Genomic variability in the extinct steppe bison (Bison priscus) compared to the European bison (Bison bonasus)
In 2009, a frozen mummy of the steppe bison (SB) (Bison priscus) was discovered between the lower Kolyma River and the Alazeya River in northeast Siberia, Russia. The specimen was dated with 14C and estimated to have lived more than 48,000 14C years before present (BP). The relationship between SB and the European Bison (EB) (Bison bonasus), also known as wisent or European wood bison, is unresolved and it is unclear whether the SB and EB overlapped in space and time. The aim of our study was to compare genetic variability between the SB specimen and modern EB. We expected higher SB variability due to substantial bottlenecks in the EB approximately one century ago when it became extinct in the wild. The EB (n = 167) and the SB specimen were genotyped with the Illumina BovineHD BeadChip with 777,962 single-nucleotide polymorphism (SNP) markers. Steppe bison DNA was extracted and genotyped six times to account for genotyping errors due to low-quality DNA. We obtained a final set of 7786 SNPs. The mean number of private alleles in EB was 0.027 (± 0.0002) and in SB, it was 0.288 (± 0.0006). This could be explained by factors including differences between species, spatiotemporal divergence, and bottleneck effects. Investigation of historic EB samples could help resolve phylogenetic relationships, the role of the recent bottleneck, and provide information for conservation management to reduce the incidence of disease in the population and maintain its evolutionary potential.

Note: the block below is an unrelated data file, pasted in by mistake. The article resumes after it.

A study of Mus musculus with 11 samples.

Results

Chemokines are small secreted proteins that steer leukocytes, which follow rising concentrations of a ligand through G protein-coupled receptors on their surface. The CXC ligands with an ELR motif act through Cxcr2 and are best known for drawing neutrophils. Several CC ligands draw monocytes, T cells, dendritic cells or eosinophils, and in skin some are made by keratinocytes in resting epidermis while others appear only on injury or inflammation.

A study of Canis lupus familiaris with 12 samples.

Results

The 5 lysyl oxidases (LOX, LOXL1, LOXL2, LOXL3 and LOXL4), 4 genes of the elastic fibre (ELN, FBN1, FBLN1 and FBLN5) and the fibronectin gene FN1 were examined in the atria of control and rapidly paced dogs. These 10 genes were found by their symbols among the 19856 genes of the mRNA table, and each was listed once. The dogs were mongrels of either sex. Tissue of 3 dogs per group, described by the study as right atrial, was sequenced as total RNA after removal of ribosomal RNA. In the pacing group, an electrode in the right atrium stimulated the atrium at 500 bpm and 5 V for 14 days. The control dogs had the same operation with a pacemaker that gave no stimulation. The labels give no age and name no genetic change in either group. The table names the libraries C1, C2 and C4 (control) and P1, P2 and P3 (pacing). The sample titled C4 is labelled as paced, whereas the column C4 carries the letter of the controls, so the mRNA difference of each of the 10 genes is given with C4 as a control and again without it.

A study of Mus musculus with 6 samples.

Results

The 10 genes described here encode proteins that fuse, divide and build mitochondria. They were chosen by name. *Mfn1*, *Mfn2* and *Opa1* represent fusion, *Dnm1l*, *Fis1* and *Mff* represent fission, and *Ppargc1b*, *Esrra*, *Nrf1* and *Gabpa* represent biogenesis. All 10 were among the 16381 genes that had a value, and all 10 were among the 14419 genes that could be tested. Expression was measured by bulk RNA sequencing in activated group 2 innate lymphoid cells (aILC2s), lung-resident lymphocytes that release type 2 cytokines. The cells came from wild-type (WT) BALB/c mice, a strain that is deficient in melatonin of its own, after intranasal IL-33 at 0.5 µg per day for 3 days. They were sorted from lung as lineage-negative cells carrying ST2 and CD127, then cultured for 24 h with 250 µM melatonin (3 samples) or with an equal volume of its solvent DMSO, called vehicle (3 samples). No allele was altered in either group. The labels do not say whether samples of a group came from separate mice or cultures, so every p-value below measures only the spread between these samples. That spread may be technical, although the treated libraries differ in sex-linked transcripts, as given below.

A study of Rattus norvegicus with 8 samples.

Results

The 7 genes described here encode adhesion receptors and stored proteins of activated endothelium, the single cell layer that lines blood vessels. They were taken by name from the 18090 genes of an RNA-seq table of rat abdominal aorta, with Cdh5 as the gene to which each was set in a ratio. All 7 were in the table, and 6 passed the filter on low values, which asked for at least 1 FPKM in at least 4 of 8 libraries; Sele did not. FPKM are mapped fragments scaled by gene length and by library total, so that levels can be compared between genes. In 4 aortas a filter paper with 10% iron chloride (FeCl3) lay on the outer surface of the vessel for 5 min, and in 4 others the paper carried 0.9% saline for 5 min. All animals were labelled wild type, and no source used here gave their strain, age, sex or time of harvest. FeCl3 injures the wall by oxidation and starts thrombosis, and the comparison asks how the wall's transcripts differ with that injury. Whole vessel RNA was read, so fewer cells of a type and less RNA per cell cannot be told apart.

KeywordsBovineHD BeadChip Mummy Private alleles Single nucleotide polymorphism
We thank Fedor Shidlovsky of the Ice Age Museum, Moscow, Russia, for the access to the bison mummy sample, Jonas Kiis for the help with the preparation of SB DNA for sequencing, and Joaquin Muñoz Garcia for the comments on an earlier version of the manuscript.
Research was supported by the University of Warmia and Mazury in Olsztyn, grant no 0105-0804 and the Aalborg Zoo Conservation Foundation (AZCF). AVS was supported by the Danish Natural Science Research Council (Grant 1337-00007). LI received funding from the Horizon 2020 research and innovation programme under the Marie Sklodowska-Curie Action (Grant Agreement no. 656697). PN is supported by Russian Science Foundation project N 16-18-10265-RNF and the research complies with the state theme AAAA-A17-117030610119-6 of the Geological Institute RAS.